Tuesday, December 15, 2015

United Smarts of America: The Continuing Need For Libraries

NPR posed the question, "do we really need libraries?" I bet you can guess the answer. 

For more than 100 years public libraries in this country have provided all members of the public with free access ... coveted access, to knowledge, information, and opportunity. Public libraries evened the playing field for allAll in all, [Andrew] Carnegie — in Johnny Appleseed fashion — planted 1,679 library buildings in communities throughout the nation between 1886 and 1919, according to the National Park Service. From Caribou, Maine, to Clarksdale, Miss; from Honolulu to Miles City, Mont. Many of the structures are grandiloquent cathedrals — edification edifices, little Louvres for the intellect — designed to send the message: Learning is everlasting.

They also gave us the sense that we lived in the United Smarts of America.

But with a world of information at our fingertips — virtually anytime, anywhere — do we still need physical book-and-mortar libraries? 

As a 1983 British conference on libraries observed, "We are a long way off producing true cost benefit data where you can assign a credible cash figure to the value of using any type of library." The proceedings of the 1983 conference, by the way, were titled: "Do We Really Need Libraries?" The answer seems self-evident. We are asking the same question more than 30 years later and many libraries are teeming with people. As the British study pointed out, there is a lot of opportunity when reckoning with naysayers "for developing costs per benefits but we do need to spend more time establishing exactly what these benefits are."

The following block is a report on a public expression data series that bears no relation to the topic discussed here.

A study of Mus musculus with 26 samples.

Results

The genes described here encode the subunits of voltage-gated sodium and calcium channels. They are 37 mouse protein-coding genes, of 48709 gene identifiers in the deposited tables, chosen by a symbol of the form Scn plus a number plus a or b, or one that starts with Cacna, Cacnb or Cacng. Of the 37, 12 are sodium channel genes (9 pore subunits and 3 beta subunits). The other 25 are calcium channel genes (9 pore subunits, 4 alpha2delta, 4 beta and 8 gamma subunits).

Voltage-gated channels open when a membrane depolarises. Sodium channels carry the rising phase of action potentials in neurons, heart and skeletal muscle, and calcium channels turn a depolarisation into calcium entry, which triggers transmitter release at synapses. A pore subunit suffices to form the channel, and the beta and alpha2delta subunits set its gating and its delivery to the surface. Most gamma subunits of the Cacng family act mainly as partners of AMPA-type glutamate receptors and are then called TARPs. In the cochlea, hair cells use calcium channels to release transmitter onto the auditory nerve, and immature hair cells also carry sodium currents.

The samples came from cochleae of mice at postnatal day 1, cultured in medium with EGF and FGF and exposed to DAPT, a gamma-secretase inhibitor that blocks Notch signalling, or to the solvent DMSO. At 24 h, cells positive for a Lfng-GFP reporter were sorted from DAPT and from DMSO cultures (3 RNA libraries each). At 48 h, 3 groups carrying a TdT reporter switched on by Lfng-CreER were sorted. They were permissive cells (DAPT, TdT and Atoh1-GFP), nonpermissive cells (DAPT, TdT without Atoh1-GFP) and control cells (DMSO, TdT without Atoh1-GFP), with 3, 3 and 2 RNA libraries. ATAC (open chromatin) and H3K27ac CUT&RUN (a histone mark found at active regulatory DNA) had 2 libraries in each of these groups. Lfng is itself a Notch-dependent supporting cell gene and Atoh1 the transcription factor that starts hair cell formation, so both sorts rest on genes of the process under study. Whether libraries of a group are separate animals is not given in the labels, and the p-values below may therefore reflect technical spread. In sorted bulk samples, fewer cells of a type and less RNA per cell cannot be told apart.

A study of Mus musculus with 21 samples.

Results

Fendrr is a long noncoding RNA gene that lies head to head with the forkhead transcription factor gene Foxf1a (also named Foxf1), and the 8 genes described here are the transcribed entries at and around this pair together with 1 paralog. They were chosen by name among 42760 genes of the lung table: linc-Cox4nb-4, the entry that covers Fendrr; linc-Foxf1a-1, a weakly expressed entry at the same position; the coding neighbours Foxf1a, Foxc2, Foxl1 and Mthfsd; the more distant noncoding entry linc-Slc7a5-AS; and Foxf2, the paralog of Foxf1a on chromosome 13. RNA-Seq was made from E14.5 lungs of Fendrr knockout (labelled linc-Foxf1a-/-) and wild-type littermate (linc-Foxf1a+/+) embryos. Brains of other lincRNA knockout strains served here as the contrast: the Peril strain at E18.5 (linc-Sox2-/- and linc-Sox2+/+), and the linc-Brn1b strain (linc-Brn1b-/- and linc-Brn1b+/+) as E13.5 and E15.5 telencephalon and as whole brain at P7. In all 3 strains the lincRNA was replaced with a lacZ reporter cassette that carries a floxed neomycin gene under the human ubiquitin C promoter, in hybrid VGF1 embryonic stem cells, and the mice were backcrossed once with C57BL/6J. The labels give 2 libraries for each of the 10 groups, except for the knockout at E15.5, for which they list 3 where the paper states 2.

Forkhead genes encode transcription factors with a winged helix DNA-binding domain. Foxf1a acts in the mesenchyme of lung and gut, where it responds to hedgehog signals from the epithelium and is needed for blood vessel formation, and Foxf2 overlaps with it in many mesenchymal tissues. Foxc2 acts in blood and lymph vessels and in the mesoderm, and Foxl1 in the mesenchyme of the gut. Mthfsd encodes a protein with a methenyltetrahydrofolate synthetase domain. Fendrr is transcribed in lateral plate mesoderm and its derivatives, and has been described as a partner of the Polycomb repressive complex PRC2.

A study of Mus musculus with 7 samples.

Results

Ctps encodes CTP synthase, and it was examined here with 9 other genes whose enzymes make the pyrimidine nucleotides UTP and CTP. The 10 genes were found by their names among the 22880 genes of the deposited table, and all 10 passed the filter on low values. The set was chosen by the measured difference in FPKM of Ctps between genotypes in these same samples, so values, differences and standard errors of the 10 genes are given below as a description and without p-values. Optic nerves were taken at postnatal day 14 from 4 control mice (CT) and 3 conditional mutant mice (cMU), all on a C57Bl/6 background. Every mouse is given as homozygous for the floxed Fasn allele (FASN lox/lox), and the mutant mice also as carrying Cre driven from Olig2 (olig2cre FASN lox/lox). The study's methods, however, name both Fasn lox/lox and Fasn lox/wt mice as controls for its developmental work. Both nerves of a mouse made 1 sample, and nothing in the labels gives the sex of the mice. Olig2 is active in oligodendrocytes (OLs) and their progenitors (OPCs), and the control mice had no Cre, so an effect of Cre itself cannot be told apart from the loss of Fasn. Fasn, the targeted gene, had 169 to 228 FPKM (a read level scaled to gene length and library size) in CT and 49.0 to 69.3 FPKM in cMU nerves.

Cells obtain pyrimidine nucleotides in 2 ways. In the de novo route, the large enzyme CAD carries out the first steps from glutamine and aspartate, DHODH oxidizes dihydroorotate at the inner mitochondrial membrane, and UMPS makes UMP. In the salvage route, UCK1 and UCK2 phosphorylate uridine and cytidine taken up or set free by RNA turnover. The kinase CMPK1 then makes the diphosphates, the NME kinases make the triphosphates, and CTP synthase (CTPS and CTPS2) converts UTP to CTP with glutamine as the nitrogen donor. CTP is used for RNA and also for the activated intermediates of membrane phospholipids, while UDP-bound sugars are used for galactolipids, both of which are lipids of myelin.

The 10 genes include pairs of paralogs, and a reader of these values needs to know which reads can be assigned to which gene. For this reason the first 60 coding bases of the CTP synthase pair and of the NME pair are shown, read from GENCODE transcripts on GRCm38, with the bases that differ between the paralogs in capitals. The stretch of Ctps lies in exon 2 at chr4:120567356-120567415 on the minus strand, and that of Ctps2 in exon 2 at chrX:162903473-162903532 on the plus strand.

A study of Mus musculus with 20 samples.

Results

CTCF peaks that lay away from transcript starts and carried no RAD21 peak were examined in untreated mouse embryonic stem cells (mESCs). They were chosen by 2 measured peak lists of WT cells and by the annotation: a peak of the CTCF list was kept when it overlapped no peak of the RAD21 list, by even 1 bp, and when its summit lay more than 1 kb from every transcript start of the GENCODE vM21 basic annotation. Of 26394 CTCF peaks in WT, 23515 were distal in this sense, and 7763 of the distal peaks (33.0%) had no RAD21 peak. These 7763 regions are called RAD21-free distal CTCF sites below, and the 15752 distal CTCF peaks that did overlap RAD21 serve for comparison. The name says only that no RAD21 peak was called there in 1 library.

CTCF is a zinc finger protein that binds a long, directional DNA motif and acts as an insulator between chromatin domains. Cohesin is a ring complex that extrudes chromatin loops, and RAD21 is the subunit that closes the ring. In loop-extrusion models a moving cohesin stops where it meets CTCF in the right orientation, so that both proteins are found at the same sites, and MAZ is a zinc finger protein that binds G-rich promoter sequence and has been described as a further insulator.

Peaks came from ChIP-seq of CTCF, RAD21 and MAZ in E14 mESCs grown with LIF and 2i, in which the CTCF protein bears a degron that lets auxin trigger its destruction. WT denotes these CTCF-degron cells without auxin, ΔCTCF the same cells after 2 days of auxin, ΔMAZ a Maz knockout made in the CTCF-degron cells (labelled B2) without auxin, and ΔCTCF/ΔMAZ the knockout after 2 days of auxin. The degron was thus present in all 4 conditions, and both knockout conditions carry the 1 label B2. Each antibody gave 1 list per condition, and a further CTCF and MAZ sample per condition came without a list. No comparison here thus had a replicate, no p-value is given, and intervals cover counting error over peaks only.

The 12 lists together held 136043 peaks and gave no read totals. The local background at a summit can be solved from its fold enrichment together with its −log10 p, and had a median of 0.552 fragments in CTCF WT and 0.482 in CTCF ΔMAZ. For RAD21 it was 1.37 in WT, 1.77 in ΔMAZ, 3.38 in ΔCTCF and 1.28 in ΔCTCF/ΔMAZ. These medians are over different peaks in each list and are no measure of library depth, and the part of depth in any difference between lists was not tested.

What are the benefits of libraries in this day and age?

Like a good librarian, Tony Marx of the New York Public Library has some answers. Today's libraries still lend books, he says. But they also provide other services to communities, such as free access to computers and Wi-Fi, story times to children, language classes to immigrants and technology training to everyone.

"Public libraries are arguably more important today than ever before," Marx says. "Their mission is still the same — to provide free access to information to all people. The way people access information has changed, but they still need the information to succeed, and libraries are providing that."


Or as Andrew Carnegie said many years ago: "A library outranks any other thing a community can do to benefit its people. It is a never failing spring in the desert."

This article is a perfect example of the changing landscape of libraries but that the relevance of libraries still remains. We've been having the relevance discussion for decades. We are constantly "spend[ing] more time establishing what [the] benefits [of libraries] are." It's hard to rely on the basic "access to information" premise in light of shrinking budgets and naysayers, but libraries are necessary as "clinics of the soul." And will continue to be so.